Thursday, June 30, 2005

... are winning. Freedom and democracy are on the march. We are winning. Freedom and demo...

The Washington Post has a story today saying that the White House plan to sustain public support of the Iraq war focuses not on what’s actually happening in Iraq, but upon convincing the American public that we’re winning there:

The studies consulted by the White House show that in the long run public support for war is "mostly linked to whether you think you can prevail," [Dan Bartlett] added, which is one reason it is important for Bush to explain "why he thinks it's working and why he thinks it'll win."

In other words, it’s a rhetorical rather than a military or political strategy. Which is not, well, strategic, really. This approach is not limited to Iraq. It has been the Bush MO for a long time in campaigns, in fights to pass legislation, etc., a bully-boy political tactic: Act like you’re winning no matter what. Then the perception may become the reality. Rove took Bush to campaign California the week before election day 2000 to try to create the perception he was comfortably ahead. When this works, Bush looks like a master. When it doesn't, Bush looks the fool.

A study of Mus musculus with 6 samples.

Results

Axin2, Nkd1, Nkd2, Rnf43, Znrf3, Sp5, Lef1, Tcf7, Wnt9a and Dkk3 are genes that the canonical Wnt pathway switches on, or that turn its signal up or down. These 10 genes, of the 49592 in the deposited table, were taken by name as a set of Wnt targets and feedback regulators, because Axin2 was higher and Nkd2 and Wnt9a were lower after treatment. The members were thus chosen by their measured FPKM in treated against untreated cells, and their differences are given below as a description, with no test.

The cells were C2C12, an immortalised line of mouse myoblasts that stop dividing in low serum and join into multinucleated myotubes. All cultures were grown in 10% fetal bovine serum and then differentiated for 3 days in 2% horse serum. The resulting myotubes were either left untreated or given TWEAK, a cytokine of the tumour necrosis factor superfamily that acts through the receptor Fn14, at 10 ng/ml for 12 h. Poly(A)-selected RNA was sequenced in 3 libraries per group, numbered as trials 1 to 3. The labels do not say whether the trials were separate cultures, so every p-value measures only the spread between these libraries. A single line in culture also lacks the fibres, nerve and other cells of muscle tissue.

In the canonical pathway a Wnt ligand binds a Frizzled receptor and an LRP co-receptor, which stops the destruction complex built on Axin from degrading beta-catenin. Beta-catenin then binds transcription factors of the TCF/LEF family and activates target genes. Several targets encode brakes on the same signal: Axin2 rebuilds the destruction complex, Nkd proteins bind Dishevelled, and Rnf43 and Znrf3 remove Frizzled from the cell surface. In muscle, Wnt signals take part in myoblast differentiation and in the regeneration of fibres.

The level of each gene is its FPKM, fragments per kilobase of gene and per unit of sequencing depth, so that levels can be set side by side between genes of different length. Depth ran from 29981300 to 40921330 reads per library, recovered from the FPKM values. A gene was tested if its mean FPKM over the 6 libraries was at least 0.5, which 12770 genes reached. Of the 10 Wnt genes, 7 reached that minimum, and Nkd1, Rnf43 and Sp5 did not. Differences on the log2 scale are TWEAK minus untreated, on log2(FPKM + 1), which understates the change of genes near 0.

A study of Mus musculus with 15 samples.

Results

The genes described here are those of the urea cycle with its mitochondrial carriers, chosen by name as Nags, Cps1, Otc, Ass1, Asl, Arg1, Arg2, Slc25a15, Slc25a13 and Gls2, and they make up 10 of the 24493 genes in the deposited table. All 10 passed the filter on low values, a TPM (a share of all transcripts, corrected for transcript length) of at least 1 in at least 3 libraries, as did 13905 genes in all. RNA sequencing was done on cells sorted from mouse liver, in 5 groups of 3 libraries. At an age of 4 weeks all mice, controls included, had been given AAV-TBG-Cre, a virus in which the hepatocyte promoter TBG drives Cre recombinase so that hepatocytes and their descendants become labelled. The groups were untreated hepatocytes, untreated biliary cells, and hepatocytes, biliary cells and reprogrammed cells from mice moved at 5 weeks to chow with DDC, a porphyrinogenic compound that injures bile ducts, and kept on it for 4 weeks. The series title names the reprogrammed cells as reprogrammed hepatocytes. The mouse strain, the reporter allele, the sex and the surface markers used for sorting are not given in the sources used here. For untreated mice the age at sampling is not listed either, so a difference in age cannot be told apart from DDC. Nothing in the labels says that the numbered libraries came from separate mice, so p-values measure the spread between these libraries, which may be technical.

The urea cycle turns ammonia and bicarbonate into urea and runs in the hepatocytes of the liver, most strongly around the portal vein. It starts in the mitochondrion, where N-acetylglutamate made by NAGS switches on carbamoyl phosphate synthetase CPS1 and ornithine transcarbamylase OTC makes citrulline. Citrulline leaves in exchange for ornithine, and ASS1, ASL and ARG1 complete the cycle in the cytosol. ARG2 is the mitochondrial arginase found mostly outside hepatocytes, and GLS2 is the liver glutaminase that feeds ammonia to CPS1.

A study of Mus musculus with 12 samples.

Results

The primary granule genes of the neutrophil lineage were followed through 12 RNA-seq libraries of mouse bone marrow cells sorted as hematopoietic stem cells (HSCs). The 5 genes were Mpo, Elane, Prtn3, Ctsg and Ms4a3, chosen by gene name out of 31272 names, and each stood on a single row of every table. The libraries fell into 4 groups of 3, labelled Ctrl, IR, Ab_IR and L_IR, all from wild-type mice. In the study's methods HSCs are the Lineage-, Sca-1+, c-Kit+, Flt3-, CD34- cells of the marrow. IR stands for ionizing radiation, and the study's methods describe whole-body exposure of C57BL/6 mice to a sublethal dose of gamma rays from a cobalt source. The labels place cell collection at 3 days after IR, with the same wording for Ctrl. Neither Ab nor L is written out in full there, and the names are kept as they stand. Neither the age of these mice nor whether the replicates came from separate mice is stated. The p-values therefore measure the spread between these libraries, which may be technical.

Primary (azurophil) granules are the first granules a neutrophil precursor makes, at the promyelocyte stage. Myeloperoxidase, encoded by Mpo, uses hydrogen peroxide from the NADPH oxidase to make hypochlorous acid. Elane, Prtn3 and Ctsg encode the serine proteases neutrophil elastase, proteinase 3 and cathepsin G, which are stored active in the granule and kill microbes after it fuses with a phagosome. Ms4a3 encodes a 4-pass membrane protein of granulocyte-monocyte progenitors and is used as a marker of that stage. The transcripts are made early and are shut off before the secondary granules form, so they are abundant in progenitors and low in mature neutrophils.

But a war doesn't easily lend itself to such callow political tactics. The White House approach appears to be based on faith that left as they are, things will not go totally to hell in Iraq – not a concerted attempt to actually prevent things from going to hell. Ed Kilgore elaborates on this point:

It's troublesome to learn that the White House thinks presidential spin on Iraq is more important to public support than the actual facts on the ground. All the "resolve" in the world won't help Bush if the insurgency cannot be quelled, and if the Iraqis cannot achieve a political settlement that will make it possible for a stable government to function.